Friday, January 5, 2001

Hawai‘i luxury hotels have hot 2000

By Michele Kayal
Advertiser Staff Writer

Hawaii’s luxury hotel market boomed into November, helping to bring record revenues to the state’s lodging industry, according to the most recent figures.

Hawaii hotel revenues for 2000 are expected to hit $2.7 billion, breaking the state’s record of $2.4 billion set the previous year, according to figures from PricewaterhouseCoopers and Hospitality Advisors LLC.

Estimated revenues of $2.5 billion for the first 11 months of 2000 have already surpassed revenues for all of 1999, said Joseph Toy, Hospitality Advisors president.

The state’s poshest hotels have been hot all year, with occupancy rates driven by a robust U.S. economy and a shift of visitor patterns toward longer stays and single-island vacations.

Oahu’s top-scale hotels pushed past Maui in November, hitting 81 percent occupancy for the month, the report said, an increase of nearly 6 percentage points over the same month the previous year. Maui, which leads the Islands in occupancy for the year in all classes at nearly 82 percent, reported almost 79 percent of its luxury rooms full, an eight-point jump over last November.

Average room rates for Oahu’s prime properties hit $199, a 14 percent increase over last November. On Maui, luxury room rates came in at $268 a night for November, a $10 increase over the same period last year.

"The month was very well done, we were in the high 80s, which is a real good month," said Fred Honda, general manager of the Halekulani in Waikiki. "For us it has been a good year, far exceeding all expectations."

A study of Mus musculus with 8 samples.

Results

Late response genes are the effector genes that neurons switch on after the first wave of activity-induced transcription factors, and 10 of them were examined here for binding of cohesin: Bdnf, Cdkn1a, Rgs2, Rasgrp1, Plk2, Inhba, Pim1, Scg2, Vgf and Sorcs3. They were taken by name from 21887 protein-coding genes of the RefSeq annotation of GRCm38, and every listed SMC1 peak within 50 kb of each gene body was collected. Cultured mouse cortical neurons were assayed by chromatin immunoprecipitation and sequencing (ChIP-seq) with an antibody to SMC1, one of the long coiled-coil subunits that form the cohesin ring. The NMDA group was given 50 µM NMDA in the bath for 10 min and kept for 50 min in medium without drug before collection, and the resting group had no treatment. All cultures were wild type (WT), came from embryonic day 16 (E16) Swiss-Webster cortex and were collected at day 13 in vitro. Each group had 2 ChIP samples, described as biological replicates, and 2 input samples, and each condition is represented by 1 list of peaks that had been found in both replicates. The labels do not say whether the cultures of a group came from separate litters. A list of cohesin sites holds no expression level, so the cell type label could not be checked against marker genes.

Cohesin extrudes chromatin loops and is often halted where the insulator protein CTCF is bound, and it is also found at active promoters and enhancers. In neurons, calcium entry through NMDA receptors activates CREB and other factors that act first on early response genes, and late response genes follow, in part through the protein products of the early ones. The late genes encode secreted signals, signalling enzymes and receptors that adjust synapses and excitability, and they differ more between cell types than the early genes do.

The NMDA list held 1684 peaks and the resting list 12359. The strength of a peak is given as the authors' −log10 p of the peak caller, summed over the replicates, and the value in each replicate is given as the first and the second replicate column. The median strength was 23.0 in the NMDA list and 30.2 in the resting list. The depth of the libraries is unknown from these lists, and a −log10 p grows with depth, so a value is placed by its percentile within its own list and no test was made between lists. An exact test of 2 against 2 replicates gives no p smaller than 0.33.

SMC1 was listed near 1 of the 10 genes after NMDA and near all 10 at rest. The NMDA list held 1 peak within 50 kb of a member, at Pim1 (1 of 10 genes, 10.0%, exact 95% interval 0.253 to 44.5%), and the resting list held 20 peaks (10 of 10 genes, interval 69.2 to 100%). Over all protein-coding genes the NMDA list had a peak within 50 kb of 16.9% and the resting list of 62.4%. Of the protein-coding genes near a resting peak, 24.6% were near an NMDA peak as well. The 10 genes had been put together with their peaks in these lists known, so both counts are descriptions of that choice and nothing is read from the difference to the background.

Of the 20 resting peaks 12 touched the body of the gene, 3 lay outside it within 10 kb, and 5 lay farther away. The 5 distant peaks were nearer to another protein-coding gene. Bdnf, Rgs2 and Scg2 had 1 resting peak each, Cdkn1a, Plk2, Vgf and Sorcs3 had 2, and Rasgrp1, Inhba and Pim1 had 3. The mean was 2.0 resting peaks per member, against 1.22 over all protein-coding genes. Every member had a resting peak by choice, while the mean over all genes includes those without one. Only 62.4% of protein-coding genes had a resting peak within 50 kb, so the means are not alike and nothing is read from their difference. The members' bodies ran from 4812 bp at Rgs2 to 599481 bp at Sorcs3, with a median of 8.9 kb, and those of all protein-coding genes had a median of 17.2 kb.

Honda said the International Foundation of Employment Benefit Plans conference, which brought 13,000 people to Oahu in November, contributed to the strong showing for the hotel and for the Island in general.

Meetings and conventions business was up 31 percent for the month compared to November 1999, according to the hotels report.

Toy also identified a 20 percent surge in visitors from the eastern United States as a trend driver, including about 6,000 people from Wisconsin who came when the state university played the University of Hawaii Warrior football team.

"We’ve just seen a continuation of visitors coming from U.S. east," Toy said. "Even if the Wisconsin game had not occurred, we still would have had an increase."

Visitors from the eastern United States who stayed only on Oahu jumped 40 percent over last November, according to the report.

The Hawaii Tourism Authority, which sets policy for the state’s largest industry, has increased marketing efforts in that region of the country, making visitor cultivation from that area a primary goal.